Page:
The Rev. Al Mohler is "fascinated" with homosexuality. "Fascinating" is his word:
The spectacular success of the homosexual movement stands as one of the most fascinating phenomena of our time. In less than two decades, homosexuality has moved from "the love that dares not speak its name," to the center of America's public life.
The center of America's public life? That seems a bit much — Bravo isn't even the center of basic cable.
In the latest of a long, long, long series of columns exploring his consuming fascination, the Southern Baptist mullah discusses "Why the homosexual movement has won."
Mohler attributes this big gay triumph to the "strategy" outlined in a single book: After the Ball: How America Will Conquer Its Fear & Hatred of Gays in the 90s, by Marshall Kirk and Hunter Madsen. This book, Mohler writes, was "the authoritative public relations manual for the homosexual agenda."
According to Mohler, this book (Amazon sales rank 1,004,438) reshaped America and brought homosexuality to its place at the "center of America's public life." He objects to the "public relations strategies" outlined by Kirk and Madsen, things like "raising serious theological objections to conservative biblical teachings" and "exposing the inconsistency and hatred underlying antigay doctrines."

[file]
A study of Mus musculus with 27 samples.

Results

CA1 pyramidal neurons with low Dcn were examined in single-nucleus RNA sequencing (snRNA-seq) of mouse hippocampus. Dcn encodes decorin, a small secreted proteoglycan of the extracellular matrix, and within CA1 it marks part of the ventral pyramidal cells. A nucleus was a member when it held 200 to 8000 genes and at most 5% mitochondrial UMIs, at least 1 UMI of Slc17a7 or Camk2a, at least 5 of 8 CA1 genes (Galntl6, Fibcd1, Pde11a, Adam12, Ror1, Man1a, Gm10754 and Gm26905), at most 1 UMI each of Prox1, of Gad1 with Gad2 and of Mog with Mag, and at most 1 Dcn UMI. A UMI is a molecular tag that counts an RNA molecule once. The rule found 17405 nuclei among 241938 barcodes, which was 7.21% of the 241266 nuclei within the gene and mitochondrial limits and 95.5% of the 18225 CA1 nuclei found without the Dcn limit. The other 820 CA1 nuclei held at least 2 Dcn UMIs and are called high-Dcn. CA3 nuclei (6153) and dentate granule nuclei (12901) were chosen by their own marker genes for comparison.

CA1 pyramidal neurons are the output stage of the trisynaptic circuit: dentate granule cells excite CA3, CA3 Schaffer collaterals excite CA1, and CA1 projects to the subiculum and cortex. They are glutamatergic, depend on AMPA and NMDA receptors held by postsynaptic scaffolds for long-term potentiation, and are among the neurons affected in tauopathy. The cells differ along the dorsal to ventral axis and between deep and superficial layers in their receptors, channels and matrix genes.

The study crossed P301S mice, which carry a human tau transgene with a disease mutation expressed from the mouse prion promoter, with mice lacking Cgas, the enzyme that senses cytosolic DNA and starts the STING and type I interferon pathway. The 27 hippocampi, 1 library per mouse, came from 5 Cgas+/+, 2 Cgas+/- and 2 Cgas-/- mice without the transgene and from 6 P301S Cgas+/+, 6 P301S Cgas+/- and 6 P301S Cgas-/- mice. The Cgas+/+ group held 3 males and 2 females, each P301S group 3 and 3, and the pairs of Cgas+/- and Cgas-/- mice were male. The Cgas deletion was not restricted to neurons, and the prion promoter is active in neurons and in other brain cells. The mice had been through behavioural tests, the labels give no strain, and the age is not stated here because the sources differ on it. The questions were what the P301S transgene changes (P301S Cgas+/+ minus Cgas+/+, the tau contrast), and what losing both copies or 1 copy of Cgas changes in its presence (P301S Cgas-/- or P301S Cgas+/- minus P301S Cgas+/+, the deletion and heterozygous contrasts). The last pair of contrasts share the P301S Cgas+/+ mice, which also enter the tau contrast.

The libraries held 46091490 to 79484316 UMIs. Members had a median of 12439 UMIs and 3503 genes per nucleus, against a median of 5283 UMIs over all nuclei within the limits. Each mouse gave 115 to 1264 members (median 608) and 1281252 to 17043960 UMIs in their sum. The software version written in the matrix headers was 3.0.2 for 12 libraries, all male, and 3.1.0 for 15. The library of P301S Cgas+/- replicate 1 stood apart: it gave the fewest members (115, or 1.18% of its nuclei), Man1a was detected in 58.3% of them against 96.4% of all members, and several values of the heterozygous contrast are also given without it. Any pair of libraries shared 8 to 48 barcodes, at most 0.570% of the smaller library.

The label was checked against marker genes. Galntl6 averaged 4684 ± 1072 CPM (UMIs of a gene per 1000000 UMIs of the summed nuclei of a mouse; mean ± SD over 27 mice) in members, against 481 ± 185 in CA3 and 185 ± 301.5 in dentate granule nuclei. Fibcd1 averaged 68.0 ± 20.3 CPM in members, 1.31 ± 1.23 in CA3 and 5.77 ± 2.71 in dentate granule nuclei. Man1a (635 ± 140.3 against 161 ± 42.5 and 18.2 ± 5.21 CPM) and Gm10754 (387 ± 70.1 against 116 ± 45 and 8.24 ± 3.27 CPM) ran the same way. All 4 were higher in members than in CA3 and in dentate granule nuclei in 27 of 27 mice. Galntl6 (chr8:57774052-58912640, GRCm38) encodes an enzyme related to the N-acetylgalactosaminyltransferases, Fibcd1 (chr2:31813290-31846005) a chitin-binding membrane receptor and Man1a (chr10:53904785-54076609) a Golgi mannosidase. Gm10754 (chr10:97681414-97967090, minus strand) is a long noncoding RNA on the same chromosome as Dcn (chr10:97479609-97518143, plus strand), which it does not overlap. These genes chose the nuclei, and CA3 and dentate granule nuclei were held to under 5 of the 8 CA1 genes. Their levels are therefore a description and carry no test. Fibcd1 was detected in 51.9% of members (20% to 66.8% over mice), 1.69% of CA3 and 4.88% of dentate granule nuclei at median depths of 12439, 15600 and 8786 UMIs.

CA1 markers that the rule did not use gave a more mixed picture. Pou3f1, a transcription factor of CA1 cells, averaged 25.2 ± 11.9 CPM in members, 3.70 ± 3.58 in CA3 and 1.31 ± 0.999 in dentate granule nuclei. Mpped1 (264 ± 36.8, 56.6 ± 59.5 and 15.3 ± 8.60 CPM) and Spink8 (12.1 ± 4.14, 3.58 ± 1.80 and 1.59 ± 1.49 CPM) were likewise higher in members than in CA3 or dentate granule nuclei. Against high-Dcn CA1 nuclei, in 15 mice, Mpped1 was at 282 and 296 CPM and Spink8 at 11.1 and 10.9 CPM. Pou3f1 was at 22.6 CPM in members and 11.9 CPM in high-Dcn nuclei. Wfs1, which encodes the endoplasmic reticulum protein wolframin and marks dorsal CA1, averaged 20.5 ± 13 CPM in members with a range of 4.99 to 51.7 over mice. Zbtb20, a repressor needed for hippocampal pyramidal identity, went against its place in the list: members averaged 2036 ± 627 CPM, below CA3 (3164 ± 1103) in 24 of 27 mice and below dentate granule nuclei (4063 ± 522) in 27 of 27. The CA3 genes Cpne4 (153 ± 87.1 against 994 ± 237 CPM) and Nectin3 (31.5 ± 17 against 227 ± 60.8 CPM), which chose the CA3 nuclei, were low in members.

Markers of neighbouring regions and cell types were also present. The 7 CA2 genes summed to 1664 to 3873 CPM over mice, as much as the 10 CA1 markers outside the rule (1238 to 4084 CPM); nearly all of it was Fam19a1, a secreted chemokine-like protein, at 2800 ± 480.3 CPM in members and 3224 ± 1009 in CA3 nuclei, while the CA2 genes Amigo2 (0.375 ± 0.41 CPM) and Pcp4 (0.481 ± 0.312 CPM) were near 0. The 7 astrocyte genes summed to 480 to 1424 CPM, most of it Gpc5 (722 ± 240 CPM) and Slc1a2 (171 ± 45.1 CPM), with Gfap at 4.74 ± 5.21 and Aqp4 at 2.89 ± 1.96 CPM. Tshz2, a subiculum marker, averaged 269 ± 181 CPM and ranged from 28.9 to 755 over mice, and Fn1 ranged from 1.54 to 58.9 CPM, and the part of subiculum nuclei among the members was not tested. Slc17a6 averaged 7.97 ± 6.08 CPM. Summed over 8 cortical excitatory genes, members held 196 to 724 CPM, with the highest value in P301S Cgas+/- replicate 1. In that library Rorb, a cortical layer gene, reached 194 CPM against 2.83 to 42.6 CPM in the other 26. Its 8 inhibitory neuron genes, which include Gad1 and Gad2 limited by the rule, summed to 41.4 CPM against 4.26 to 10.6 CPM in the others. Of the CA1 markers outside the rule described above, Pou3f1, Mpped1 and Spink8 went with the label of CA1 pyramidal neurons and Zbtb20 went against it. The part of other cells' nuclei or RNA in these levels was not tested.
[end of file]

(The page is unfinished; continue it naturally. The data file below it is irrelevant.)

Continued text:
Mohler's fevered imagination conjures up a monolithic, orchestrated "homosexual movement" in which local sleeper cells and militia groups gathered 15 years ago to read aloud from Kirk and Madsen's "manifesto" and to systematically orchestrate its grand scheme. (One pictures a nervous Mohler eavesdropping on strangers at Teddy Bear's in Louisville, hoping to glean insight into what goes on at these secret meetings.)
Mohler is so obsessed with this notion of a grand scheme and a gay agenda that he fails to appreciate why a greater number of "mainstream" heterosexual folks seem to have become more accepting of their homosexual neighbors: They've gotten to know some of those neighbors (sons/daughters/aunts/uncles/coworkers/friends) as people.
That's probably the strangest thing about guys like Mohler. Despite his fascination with homosexuals, he seems to think he doesn't know any.